As expected, the political left and right have been brought together at the state Capitol over the Vikings’ stadium. And, as expected, both left and right oppose any subsidy.
Sen. John Marty, DFL-Roseville, and Rep. Linda Runbeck, R-Circle Pines, held a news conference this morning to announce their left-right proposal to save the Vikings at no cost to taxpayers.
They want to give the Metrodome to the team.
But even as they were making this offer, they seemed to understand it wasn’t going anywhere.
“We offer this proposal not as a perfect solution but one that reflects fiscal responsibility and fairness for both the Vikings and the people of Minnesota,” Marty said. “Rep. Runbeck and I recognize that the Vikings initial reaction will not be favorable, but we believe that when they conduct an honest assessment of the situation, they will understand the fairness of the proposal.”
Marty was correct. The Vikings reaction was not favorable.
Shortly after the legislators’ news conference, the team issued a statement calling the offer “a non-starter. … the facility no longer works for the team.”
If nothing else, however, the proposal shows how difficult — maybe impossible — for the Legislature to come to any sort of agreement on a subsidy package for the team.
Marty pointed out that at a time when grass-roots movements on the right (Tea Party) and the left (Occupy Wall Street and its offshoots, such as OccupyMN) oppose corporate bailouts, it’s foolish for the state legislators to consider the sort of deals the Vikings seek.
The half-cent sales tax that Ramsey County commissioners have proposed as the county’s portion of a Vikings stadium in Arden Hills is record-setting, Marty said.
“Despite the Vikings’ attempts to make their Ramsey County deal sound like a run-of-the-mill, routine proposal, this would be the biggest taxpayer subsidy of any sports team in history,” Marty said.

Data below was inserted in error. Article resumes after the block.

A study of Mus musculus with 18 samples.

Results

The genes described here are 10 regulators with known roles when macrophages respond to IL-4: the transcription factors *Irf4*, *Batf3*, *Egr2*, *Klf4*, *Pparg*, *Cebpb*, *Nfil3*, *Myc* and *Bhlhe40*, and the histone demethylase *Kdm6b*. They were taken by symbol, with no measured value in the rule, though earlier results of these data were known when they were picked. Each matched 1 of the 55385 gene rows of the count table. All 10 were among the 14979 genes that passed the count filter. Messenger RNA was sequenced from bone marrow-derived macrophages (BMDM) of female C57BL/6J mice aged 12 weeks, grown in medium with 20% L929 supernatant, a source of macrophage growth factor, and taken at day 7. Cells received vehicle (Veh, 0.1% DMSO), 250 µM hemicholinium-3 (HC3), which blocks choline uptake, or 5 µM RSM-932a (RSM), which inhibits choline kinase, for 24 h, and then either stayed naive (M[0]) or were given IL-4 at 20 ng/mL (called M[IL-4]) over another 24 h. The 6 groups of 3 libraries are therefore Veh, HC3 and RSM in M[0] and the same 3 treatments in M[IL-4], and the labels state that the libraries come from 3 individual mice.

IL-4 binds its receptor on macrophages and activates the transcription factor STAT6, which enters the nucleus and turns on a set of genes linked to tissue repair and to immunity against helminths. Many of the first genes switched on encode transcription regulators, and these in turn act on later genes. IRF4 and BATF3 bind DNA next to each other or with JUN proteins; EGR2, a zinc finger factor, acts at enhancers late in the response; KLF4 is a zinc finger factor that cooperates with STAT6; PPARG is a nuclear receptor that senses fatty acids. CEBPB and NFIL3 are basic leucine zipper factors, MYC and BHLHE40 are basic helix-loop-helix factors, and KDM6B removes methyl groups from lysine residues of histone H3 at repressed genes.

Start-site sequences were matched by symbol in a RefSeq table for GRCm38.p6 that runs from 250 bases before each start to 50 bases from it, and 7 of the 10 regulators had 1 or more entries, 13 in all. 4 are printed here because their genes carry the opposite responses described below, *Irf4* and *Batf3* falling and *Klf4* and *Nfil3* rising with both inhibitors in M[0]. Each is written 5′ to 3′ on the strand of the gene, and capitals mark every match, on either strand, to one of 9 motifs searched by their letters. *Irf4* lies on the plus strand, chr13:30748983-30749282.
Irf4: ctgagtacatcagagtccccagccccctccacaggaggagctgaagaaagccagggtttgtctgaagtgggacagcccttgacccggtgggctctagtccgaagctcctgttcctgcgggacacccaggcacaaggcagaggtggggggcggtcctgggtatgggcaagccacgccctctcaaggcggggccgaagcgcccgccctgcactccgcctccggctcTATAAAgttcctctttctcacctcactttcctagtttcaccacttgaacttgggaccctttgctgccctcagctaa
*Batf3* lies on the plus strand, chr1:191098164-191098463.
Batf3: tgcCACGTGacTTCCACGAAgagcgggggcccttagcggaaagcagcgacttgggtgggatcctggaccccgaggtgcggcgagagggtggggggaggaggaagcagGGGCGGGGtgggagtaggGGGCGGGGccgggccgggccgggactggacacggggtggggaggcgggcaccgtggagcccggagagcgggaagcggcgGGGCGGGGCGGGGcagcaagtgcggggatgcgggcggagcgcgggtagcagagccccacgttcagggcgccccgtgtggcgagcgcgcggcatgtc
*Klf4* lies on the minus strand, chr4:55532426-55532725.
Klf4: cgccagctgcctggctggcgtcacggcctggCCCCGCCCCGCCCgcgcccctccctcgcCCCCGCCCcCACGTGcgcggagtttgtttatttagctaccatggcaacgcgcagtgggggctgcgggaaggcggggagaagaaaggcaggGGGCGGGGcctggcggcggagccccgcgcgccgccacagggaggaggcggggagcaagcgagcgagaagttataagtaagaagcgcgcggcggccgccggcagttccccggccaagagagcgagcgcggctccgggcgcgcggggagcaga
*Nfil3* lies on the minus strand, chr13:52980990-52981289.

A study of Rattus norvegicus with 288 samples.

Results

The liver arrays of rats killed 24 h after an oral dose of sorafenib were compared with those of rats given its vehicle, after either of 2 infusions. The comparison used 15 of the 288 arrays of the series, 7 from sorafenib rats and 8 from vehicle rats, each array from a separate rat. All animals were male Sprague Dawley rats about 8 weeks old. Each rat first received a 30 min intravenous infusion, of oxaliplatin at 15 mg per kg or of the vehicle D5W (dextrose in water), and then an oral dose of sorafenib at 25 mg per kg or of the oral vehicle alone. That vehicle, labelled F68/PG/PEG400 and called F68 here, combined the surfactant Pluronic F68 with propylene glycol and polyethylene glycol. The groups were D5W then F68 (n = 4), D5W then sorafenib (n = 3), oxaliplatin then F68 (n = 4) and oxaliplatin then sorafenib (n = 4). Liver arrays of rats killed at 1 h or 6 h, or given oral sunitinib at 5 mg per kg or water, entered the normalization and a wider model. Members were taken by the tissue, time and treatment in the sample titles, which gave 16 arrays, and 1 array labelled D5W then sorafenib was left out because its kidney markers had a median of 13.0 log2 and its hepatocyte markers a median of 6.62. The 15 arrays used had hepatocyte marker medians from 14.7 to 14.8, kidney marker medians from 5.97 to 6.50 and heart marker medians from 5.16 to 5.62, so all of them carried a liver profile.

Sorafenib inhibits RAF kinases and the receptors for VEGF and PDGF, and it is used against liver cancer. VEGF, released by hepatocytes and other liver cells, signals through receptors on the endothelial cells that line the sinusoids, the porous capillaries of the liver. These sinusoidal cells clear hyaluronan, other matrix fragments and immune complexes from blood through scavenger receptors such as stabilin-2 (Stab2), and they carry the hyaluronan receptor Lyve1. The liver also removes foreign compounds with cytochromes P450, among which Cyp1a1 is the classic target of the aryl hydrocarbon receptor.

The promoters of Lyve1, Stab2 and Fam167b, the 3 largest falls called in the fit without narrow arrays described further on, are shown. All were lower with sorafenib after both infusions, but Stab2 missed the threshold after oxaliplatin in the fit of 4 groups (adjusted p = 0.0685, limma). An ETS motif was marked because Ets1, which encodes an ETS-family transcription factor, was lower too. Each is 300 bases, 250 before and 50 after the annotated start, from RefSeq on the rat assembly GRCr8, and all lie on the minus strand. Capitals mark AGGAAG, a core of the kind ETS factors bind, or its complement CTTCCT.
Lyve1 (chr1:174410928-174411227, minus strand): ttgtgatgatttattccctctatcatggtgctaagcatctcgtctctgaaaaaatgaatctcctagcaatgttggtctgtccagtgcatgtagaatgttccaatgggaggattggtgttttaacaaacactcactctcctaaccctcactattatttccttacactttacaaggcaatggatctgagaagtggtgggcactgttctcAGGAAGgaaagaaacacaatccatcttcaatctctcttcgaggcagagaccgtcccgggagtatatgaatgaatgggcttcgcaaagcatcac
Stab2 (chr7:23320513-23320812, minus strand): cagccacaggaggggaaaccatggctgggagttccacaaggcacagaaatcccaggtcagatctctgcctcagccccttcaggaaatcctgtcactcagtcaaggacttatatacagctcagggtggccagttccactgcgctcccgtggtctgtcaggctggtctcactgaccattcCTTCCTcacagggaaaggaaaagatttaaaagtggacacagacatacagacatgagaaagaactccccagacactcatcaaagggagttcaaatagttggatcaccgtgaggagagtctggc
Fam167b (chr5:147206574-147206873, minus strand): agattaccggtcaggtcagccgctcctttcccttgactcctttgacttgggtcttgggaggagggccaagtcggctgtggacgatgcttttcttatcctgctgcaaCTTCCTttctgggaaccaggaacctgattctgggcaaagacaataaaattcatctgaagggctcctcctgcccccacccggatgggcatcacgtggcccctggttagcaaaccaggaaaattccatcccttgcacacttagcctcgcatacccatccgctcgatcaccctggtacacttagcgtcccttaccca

With interest over the years, the Ramsey County sales tax would amount to more than $600 million, Marty said.
Runbeck was just as adamant in her opposition.
“We truly do want the Vikings to remain in Minnesota, but it’s time to end the cycle of taxpayer funding of shrines to professional sports that are used for 10 to 12 games a year.”
The big question, of course, is whether pols such as Runbeck can have it both ways by keeping the Vikings but avoiding taxpayer funds.
Gov. Mark Dayton was asked about the Marty-Runbeck proposal at a news conference earlier this week.
He said he hadn’t heard of the plan, at that time, but calculated that the Metrodome has an assessed value of between $18 million and $36 million. The team is seeking more than $600 million in public subsidy. That would seem to represent a substantial dollar gap.
Minnesota Public Radio reported that Rep. Kurt Daudt, R-Crown, was floating the idea of using Legacy funding from the recent outdoors/arts constitutional amendment to help fund a stadium.
That trial balloon was being shot full of holes by both hunting and arts organizations, which benefit from the 3/8 cents sales tax voters opted for in supporting the amendment in 2008.
At the time of the amendment campaign, there was no mention that funds might end up being used to support a pro sports team.
Dayton is to meet with legislative leaders on Monday to see if any progress has been made in finding an answer to the Vikings’ claims of a stadium need.